What if this was the same fish?

The best and biggest outdoor stories of 2016 in The News-Dispatch will be forever linked as the largest lake trout ever seen around these parts.

Two 44-inch trophies caught just miles apart. One landed and released in February, the other kept and weighed in June. The latter demolished the former Indiana record by more than eight pounds.

Is it possible this was the same fish, just four months fatter the second time it was caught?

The odds of seeing any lake trout twice is very improbable with tens of thousands of lakers available in the 22,794 square miles of Lake Michigan. And the photos look nothing similar.

On the other hand, does any salmonid look the same in winter (Feb.) as it does in summer (June)? And if a fish were so preposterously bigger than anything to ever come before, the chances of two such fish existing are extremely remote.

Just saying it’s something to think about. Regardless, long live catch-and-release.

Here are the shortened versions of two terrific lake trout tales:

• Feb. 26: A fish of a lifetime. Perhaps a state record.

Exactly how big it was will remain a mystery, which makes a better fish story.

Donnie Moore of Valparaiso caught and released a 44-inch laker on Lake Michigan on Sunday (while jigging near the Port of Indiana).

“I would have loved to get a weight on it, but I couldn’t kill a fish like that,” Moore said.

Three feet, eight inches of trout certainly is in the 30-pound range, maybe more. The Indiana state record is 29-pounds, four ounces.

“It was rough out there, some five-foot swells,” Moore recalled. “I was (sea) sick, lying down, watching Chris (Brown, who’s 20-foot Alumacraft they fished out of) catch fish. I sucked it up after awhile and hooked this fish.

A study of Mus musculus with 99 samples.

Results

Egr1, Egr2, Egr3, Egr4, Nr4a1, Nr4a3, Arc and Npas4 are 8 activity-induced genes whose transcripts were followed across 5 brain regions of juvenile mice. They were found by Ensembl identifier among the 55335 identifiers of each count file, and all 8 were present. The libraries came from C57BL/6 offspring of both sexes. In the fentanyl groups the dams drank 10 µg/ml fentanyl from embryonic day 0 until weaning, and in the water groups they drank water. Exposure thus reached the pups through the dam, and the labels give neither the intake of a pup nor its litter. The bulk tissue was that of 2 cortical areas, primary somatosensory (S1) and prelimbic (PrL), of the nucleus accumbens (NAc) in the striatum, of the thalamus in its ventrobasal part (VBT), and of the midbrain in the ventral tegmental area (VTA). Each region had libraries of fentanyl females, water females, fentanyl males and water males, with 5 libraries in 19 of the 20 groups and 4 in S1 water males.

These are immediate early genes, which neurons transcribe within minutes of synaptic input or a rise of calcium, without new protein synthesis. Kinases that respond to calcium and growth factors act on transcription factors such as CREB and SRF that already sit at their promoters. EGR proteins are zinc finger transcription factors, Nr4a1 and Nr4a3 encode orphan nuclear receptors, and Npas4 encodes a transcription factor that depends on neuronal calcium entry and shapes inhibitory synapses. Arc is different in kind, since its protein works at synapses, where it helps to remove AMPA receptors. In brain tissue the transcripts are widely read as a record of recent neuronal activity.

“It took off, which is unusual (for lakers), then stuck to the bottom, After probably 10 minutes of not being able to budge the fish, I’m using a 10-pound leader, I figured it had snagged me on a rock and we even put the boat right over it and I tried to pull it loose. Well, it gave a few head shakes, came up a bit then right back to the bottom.”

Moore figures it took 25 minutes to get the brute to net, whereas typical 10-pounders take only seven or eight minutes.

“Right away, Chris says you know the state record is only 29, but it was too unique of a fish, too releasable in the cold water. We took photos.”

The pics are very impressive, although the fish is thin as far as lake trout go. On the other hand, two-dimensional photos hardly do big lakers justice as they are so much broader across the back than other salmonids.

DNR formulas put a 44-inch trout well into the 30s. Moore traded pics with a Great Slave Lake (Canada) guide who has a 44-inch laker that weighed 32 pounds.

It was the biggest trout I ever saw caught in Indiana. That is until June when a local captain destroyed the state record with a 37.55-pound beast.

Here is the June 17 N-D version:

• Record smasher.

Tyler Kreighbaum’s 37.55-pound lake trout catch on Saturday wasn’t just a really big fish that exceeded a really big state record — it crushed the previous mark by more than eight pounds.

It is the biggest trout or salmon ever caught from a boat out of Michigan City. The previous state lake trout mark was 29.25 caught in 1993. The Indiana chinook salmon record is 38 pounds, but was wrestled out of Trail Creek back in 1980.

“I’m still surprised how big it is,” Kreighbaum, the 25-year old charter captain of Tight Line, said. “I really thought we hooked bottom.”

Most trollers have been-there-done-that. There is a moment of joy when a rod releases followed by the sinking reality of a steady, monotonous pull of drag leaking line as the boat trolls away from a snag.

“You can’t just stop or turn around with the other lines (often a dozen or more) out,” Kreighbaum explained. “I slowed the boat and clamped down with my thumb on the reel and tried to break it (line, in order to save the other gear).

“Well, it starts to come and I’m thinking I got a huge pile of debris, maybe a body or something. I didn’t realize it was a fish until it was right under the swim platform.”

The rest is history as the DNR quickly cleared the paperwork and deemed it a new Indiana state record.